A new report warns that an increase in the use of drugs and alcohol and risky sexual behaviour among young people is contributing to a "sexual health crisis".
The increase in sexually transmitted infections (STIs) and high levels of teenage pregnancy in the UK are "disturbing" and there is "no doubt" alcohol and drugs enhance sexual activity, it said.
The Independent Advisory Group (IAG) on Sexual Health & HIV, which published the report, calls for more action to deal with the crisis facing Britain's teenagers.
It said young people are exposed to conflicting messages, with "explicit or subliminal" advertising and coverage of "celebrity" behaviour being prevalent, while other information is restricted.
"For example, there are restrictions on advertising condoms prewatershed, and on showing a picture of a condom out of its wrapper. Our young people are therefore receiving distorted messages," it said.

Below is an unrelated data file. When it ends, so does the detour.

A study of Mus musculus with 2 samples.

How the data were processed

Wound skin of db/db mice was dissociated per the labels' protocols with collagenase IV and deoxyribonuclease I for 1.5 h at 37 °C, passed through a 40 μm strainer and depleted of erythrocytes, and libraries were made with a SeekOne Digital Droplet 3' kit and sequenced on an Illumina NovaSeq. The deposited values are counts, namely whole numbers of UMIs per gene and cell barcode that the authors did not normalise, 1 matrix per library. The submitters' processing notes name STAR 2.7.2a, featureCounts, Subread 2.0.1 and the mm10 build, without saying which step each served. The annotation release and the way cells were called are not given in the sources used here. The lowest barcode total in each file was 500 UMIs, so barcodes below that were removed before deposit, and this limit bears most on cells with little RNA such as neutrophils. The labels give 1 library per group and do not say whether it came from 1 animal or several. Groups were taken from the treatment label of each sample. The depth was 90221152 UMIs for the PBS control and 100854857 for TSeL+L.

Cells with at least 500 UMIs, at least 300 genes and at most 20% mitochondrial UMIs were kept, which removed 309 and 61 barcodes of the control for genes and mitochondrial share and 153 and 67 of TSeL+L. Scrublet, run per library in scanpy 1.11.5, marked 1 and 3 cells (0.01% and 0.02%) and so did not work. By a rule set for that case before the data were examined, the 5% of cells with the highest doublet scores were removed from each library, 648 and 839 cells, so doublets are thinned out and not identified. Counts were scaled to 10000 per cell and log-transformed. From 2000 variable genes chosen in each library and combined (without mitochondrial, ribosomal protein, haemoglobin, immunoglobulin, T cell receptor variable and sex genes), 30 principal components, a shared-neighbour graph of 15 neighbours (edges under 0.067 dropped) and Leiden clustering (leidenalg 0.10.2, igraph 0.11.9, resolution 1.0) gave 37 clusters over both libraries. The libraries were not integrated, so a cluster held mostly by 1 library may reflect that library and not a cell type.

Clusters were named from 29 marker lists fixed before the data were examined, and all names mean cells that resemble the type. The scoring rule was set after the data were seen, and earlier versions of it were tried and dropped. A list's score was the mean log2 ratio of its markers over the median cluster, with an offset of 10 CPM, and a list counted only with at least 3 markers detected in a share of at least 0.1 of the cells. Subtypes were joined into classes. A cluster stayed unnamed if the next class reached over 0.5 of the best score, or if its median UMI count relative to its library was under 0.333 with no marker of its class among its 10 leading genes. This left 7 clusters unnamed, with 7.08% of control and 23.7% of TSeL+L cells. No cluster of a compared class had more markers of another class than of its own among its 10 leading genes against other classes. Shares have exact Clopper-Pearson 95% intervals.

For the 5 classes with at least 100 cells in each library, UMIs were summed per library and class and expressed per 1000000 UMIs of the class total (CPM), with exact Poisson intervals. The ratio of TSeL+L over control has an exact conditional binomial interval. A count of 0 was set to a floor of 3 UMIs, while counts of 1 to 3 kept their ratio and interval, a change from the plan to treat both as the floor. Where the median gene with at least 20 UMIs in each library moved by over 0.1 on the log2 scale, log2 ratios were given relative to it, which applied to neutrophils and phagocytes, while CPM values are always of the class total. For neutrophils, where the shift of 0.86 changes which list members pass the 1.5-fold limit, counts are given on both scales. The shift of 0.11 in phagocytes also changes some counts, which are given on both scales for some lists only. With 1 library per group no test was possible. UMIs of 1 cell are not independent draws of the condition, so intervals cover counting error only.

The report claims young people engaging in risky sexual behaviour are at greater risk of contracting an STI, becoming young parents, failing at school, building up longer-term physical and mental health problems and becoming addicted to alcohol and drugs.
It states that STI rates have risen greatly over the past 12 years, with chlamydia and HIV both increasing by 300%, gonorrhoea by 200%, and syphilis by 2,000%.
Baroness Gould, chairman of the IAG, said: "We applaud the various awareness campaigns for young people around sex, drugs and alcohol but they are not enough in isolation.
"As well as health promotion and prevention messages, all involved should review the areas that potentially encourage the young to use alcohol and drugs, with the associated impact on sexual activity."